Teachers have rallied at schools and the statehouse all year to push for better pay and more respect for their profession, and last month teachers throughout the state flocked to the governor’s teacher pay commission input meetings to reinforce an idea: Indiana’s education policy doesn’t respect public educators.
Commission members started each of the meetings telling the audience it wasn’t a matter of whether or not the state should increase teacher pay, but instead how that could happen.
Yet, teachers at the meetings spent a significant amount of time telling commission members their stories and why better pay is so crucial. They talked about what compensation for teachers looks like compared to other jobs that require the same amount of – or even less – training and education. Many said their insurance costs are high, money to buy classroom supplies and other learning materials comes from their own pockets, and pay remains stagnant despite years they’ve spent in the classroom and earning higher degrees.
Much of the input from educators highlighted their concerns about ongoing issues plaguing Indiana’s schools, like low pay leading to a shrinking pool of future teachers, a flawed school funding system, and a state legislature they say is actively complicating their jobs.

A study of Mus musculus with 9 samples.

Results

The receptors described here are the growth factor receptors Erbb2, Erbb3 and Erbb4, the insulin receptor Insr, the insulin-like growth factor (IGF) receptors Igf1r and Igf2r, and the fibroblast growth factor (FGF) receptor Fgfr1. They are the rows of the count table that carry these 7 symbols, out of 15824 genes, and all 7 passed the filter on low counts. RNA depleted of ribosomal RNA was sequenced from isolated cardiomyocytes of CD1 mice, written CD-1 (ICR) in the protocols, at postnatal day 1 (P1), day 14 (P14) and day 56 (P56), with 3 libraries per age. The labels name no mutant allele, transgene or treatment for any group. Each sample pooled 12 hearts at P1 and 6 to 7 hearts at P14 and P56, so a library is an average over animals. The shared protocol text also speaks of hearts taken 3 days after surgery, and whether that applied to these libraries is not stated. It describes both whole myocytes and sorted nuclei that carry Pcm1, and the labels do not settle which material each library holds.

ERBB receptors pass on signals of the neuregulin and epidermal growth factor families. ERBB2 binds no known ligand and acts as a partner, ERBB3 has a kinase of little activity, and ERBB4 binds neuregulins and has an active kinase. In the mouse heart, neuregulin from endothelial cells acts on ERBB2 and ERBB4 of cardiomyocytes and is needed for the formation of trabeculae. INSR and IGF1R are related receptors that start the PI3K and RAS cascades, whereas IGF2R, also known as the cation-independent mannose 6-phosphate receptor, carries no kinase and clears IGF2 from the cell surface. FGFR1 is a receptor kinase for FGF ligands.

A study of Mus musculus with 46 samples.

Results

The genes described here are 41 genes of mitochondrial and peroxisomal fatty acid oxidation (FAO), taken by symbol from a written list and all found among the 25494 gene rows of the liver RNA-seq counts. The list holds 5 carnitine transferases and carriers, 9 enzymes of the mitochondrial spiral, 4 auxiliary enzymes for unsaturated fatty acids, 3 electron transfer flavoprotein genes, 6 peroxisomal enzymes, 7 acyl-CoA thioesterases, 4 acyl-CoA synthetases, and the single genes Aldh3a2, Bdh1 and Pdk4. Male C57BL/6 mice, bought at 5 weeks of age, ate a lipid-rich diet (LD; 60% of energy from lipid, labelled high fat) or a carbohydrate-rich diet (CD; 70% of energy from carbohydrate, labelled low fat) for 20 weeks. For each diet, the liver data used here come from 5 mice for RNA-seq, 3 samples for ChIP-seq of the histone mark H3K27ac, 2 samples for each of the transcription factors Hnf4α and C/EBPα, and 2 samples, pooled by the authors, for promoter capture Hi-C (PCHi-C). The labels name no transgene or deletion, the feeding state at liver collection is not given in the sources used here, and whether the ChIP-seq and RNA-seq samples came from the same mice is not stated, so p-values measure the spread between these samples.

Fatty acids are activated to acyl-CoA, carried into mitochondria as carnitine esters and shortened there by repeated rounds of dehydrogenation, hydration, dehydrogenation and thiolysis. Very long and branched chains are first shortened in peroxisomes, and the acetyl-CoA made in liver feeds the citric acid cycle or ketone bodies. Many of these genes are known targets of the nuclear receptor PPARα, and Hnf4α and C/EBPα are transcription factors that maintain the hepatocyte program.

John Hurley ran for a seat in the General Assembly last year. He says lawmakers could find money for teachers by phasing out the state’s voucher program and capping funding for charter schools – a popular notion among public educators.
“We have the money to do this to help. We just have to make that decision,” he says.
Several teachers say the state needs to change its school funding and tax structure to support schools more equitably, and gather more data about funding. Other solutions teachers pointed to at the meetings: funding unfunded state requirements to ease financial burdens on districts, cutting back on the millions of dollars Indiana spends on standardized testing for students, and giving teacher unions more bargaining rights to address their working conditions.
The commission will send lawmakers recommendations to boost teacher compensation before the 2021 legislative session.